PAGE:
APPARENTLY, SOME MOVIE STARS didn't get enough attention from press and fans while they were alive. Their ghosts keep showing up, perhaps for one last performance. Hollywood is full of glamour, ambition, craziness, sordid tales - even talent. And while ghosts and other tales of the paranormal have always been great movie material, Tinseltown also has its own real-life ghost stories. There are many stars who are ghosts (including Marilyn Monroe, George Reeves and Ozzie Nelson), and many stars who have seen ghosts (including Nicholas Cage, Keanu Reeves, Richard Dreyfuss and Dan Aykroyd, among others). The envelope please...
The Hollywood Roosevelt Hotel on Hollywood Boulevard is said to be the current residence of several ghosts of popular film stars. Marilyn Monroe, the glamorous and funny star of such pictures as Some Like It Hot and Gentlemen Prefer Blondes, was a frequent guest of the Roosevelt at the height of her popularity. And although she died in her Brentwood home, her image has been seen on several occasions in a full-length mirror that once hung in her poolside suite. The mirror has been relocated to the hotel's lower level by the elevators.
Another respected star who died before his time, Montgomery Clift, was a four-time Oscar nominated actor who is best known for his roles in A Place in the Sun, From Here to Eternity and Judgment at Nuremberg. His ghost has also been seen at the Roosevelt. According to some of the hotel's staff, Clift's spirit haunts room number 928. Clift stayed in that suite in 1953, pacing back and forth, memorizing his lines for From Here to Eternity. Loud, unexplained noises have been heard coming from the empty suite, and its phone is occasionally found mysteriously off the hook.
Perhaps it's fitting that the Hollywood Roosevelt should be the stirring place of celebrity ghosts since it was the site of the very first Academy Awards ceremony in 1929. In fact, the Blossom Ballroom, where the ceremony was held, has an unexplained cold spot - a circular area measuring 30 inches in diameter that remains about 10 degrees colder than the rest of the room.
Houdini is best known as a magician and escape artist, of course, but at the height of his fame he was also drawn to Hollywood, where he made a handful of silent films from 1919 to 1923. With such titles as The Man from Beyond and Haldane of the Secret Service (which he also directed), the films were not regarded well enough to give him much of a Hollywood career. Houdini's interest in the occult was well known, and although he earned a reputation as a masterful debunker of séances, he earnestly sought contact with those who have passed on to the other side. Shortly before his death, Houdini made a pact with his wife Bess that if he could, he would return and make contact with her from the other side. Perhaps he truly has attempted to return. Some claim to have seen the ghost of the great Houdini walking around in the home he owned on Laurel Canyon Blvd. in the Hollywood Hills. Film historians Laurie Jacobson and Marc Wanamaker, in their book Hollywood Haunted, dispute this story, saying that "Houdini most likely never even set foot in the Laurel Canyon mansion he is said to haunt."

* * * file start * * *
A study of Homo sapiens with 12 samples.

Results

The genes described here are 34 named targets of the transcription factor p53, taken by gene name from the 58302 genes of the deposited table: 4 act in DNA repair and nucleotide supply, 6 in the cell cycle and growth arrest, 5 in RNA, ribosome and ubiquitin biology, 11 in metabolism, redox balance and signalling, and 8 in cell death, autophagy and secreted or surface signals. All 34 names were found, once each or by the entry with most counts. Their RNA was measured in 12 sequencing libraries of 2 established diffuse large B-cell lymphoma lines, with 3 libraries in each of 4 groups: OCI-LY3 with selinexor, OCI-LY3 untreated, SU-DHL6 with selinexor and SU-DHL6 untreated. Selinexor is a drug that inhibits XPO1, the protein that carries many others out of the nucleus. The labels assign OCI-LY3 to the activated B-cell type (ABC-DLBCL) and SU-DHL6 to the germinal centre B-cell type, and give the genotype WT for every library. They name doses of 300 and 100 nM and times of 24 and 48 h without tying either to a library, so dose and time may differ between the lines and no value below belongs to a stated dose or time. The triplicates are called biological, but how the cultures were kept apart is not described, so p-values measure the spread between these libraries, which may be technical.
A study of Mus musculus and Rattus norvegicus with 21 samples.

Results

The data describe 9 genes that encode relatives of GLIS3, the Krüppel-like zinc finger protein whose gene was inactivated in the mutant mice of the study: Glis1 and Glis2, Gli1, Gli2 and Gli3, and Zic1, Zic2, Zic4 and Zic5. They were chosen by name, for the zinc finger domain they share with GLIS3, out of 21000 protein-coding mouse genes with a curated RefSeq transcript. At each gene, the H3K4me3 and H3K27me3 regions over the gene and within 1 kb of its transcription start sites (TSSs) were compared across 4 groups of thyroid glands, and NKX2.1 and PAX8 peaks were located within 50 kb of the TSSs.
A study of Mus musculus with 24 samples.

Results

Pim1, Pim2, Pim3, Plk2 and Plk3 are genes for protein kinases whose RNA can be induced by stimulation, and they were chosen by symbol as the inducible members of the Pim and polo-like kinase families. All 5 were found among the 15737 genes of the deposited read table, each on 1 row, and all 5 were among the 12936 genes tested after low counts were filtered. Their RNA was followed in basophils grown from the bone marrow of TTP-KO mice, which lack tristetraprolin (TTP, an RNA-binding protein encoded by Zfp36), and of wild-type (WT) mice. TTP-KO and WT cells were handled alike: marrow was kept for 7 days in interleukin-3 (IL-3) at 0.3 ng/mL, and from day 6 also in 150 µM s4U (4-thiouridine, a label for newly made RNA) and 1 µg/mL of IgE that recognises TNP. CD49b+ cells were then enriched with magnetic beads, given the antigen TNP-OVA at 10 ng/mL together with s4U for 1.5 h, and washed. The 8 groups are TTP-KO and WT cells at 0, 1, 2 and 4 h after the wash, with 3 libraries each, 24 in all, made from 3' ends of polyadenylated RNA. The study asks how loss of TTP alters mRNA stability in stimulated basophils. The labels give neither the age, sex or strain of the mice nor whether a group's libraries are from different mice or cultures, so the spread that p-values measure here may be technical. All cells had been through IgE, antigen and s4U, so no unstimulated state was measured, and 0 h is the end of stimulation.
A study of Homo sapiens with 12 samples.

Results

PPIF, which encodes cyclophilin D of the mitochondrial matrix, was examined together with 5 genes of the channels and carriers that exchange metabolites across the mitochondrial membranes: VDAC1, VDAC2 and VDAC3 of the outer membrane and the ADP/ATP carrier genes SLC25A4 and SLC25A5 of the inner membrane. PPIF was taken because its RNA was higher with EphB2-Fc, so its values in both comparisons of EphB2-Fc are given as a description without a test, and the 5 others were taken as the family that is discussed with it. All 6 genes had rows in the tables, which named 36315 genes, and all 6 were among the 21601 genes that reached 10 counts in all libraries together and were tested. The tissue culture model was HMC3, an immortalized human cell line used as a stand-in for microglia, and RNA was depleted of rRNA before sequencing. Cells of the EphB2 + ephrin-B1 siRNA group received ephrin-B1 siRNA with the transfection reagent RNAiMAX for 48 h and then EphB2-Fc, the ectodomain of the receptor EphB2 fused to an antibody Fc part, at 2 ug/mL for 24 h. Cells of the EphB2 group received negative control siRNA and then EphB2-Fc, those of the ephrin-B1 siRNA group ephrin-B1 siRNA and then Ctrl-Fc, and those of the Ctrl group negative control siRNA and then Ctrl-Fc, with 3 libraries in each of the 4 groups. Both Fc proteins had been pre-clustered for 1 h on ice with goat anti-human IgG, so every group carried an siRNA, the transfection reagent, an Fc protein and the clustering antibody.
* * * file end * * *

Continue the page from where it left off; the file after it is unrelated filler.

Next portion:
Clifton Webb was a very popular star of the 1940s and '50s, earning two Oscar nominations for his roles in Laura and The Razor's Edge. He may be best known for his portrayal of Mr. Belvedere in a series of films. It's not too often that a ghost haunts the place in which the person is buried, but this seems to be the case for Webb. His ghost has been seen at the Abbey of the Psalms, Hollywood Memorial Cemetery, where his body is interred. But it seems to be a restless spirit, as his ghost has also been encountered at his old home on Rexford Drive in Beverly Hills.
Thelma Todd was a hot young star in the 1930s. She was featured in a number of hit comedies with the likes of The Marx Brothers, Laurel and Hardy, and Buster Keaton. But that all ended in 1935 when Todd was found dead in her car, which was parked above the café she owned on the Pacific Coast Highway. Strangely, her death was ruled an accidental suicide, but many suspected murder and a coverup by powerful Hollywood figures. The building that once housed the café is now owed by Paulist Productions, and employees have reportedly witnessed the starlet's ghost descending the stairs.